Robotic Russian Cargo Ship Docks with Space Station after Express Flight


The Russian Progress 54 vehicle docked to the station as both flew 420 kilometers above the Atlantic Ocean at 5:22 p.m. Eastern time. The spacecraft docked about six hours after launching atop Russia’s Soyuz rocket from the Baikonur Cosmodrome in Kazakhstan. Robotic Progress ships have done these accelerated station runs since 2012. 

The supply ship is loaded down with about 2,500 kilograms of spare parts and other cargo for the Expedition 38 crew currently on the orbiting outpost.

Progress 54 is now attached to the station’s Earth-facing Pirs docking compartment. Another Progress ship — Progress 52 — undocked from Pirs on Feb. 3, making room for the fresh resupply craft to come into port. Progress 54 delivered 800 kilograms of propellant, 1,314 kilograms of spare parts, 420 kilograms of water and 50 kilograms of oxygen, according to NASA. Progress 53 remains attached to the station’s Zvesda service module.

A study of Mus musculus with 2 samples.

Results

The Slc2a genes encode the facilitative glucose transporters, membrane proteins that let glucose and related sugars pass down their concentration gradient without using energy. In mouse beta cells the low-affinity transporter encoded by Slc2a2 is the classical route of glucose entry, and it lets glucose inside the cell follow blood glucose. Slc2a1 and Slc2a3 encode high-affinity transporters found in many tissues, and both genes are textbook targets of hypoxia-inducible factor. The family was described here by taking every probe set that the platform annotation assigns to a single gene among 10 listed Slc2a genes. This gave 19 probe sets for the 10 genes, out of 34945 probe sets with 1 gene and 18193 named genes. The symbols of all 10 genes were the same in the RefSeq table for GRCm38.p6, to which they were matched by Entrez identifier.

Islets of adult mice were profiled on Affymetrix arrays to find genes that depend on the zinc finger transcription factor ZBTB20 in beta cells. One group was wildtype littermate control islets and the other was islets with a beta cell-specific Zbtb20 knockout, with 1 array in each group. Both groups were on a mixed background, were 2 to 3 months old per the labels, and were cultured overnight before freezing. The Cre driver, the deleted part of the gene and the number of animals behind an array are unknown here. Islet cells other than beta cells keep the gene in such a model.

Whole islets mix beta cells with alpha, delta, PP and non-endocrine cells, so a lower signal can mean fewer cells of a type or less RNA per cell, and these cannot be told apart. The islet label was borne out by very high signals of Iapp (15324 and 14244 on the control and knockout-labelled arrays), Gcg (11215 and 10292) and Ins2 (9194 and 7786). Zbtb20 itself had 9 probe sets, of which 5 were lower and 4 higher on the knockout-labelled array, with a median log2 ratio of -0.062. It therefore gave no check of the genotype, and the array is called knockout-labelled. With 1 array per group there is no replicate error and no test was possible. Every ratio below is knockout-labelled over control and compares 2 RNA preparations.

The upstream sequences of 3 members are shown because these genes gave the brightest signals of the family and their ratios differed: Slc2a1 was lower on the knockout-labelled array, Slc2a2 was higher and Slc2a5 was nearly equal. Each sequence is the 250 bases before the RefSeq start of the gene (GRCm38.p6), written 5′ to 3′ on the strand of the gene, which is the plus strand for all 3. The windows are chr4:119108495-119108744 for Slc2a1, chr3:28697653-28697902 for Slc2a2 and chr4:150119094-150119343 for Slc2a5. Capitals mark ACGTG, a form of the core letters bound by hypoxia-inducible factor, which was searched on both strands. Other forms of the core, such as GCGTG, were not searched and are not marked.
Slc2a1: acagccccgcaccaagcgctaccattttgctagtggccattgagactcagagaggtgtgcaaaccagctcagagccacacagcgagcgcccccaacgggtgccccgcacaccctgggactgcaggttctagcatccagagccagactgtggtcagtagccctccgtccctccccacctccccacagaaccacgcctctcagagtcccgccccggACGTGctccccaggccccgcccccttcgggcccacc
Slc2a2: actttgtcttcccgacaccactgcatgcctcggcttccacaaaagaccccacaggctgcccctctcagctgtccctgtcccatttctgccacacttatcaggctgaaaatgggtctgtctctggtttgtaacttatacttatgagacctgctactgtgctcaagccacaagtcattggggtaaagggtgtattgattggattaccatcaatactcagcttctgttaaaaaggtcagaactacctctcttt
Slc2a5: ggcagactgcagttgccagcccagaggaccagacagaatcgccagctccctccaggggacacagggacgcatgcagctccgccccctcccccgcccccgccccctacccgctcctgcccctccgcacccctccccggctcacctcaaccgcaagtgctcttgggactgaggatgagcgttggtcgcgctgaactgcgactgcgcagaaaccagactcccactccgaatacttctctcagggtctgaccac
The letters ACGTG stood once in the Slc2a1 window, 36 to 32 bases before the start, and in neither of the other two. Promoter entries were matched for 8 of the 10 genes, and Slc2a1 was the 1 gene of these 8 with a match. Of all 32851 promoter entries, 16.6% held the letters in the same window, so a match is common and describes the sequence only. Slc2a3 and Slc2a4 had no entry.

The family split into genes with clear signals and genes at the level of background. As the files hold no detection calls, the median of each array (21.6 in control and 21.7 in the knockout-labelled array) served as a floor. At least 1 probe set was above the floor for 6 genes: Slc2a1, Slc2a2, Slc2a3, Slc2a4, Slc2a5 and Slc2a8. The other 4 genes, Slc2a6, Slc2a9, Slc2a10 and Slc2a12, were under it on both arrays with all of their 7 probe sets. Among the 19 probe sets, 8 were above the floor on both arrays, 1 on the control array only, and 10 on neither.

After leaving the station, Progress spacecraft are designed to disintegrate in Earth’s atmosphere. The three-module supply ships are somewhat like Russia’s Soyuz capsules used to bring humans to the station. Instead of a crew module, however, Progress spacecraft have a module filled with fuel.

NASA has penned contracts with two private spaceflight firms that fly resupply missions to the space station. Both Orbital Sciences Corp. and Space Exploration Technologies Corp. use their spacecraft and rockets to deliver cargo to the crew members on the outpost. Japan’s H-2 Transfer Vehicles and Europe’s Automated Transfer Vehicles also deliver goods to low Earth orbit.

Six spacefliers make up the space station’s Expedition 38 crew. Russian cosmonauts Mikhail Tyurin, Sergey Ryazanskiy and Oleg Kotov, NASA astronauts Rick Mastracchio and Mike Hopkins and Japanese space agency astronaut Kiochi Wakata all currently live and work aboard the station. Kotov, Ryazanskiy and Hopkins are expected to fly back to Earth on their Soyuz spacecraft in March, while Mastracchio, Wakata and Tyurin are scheduled to leave the station in May.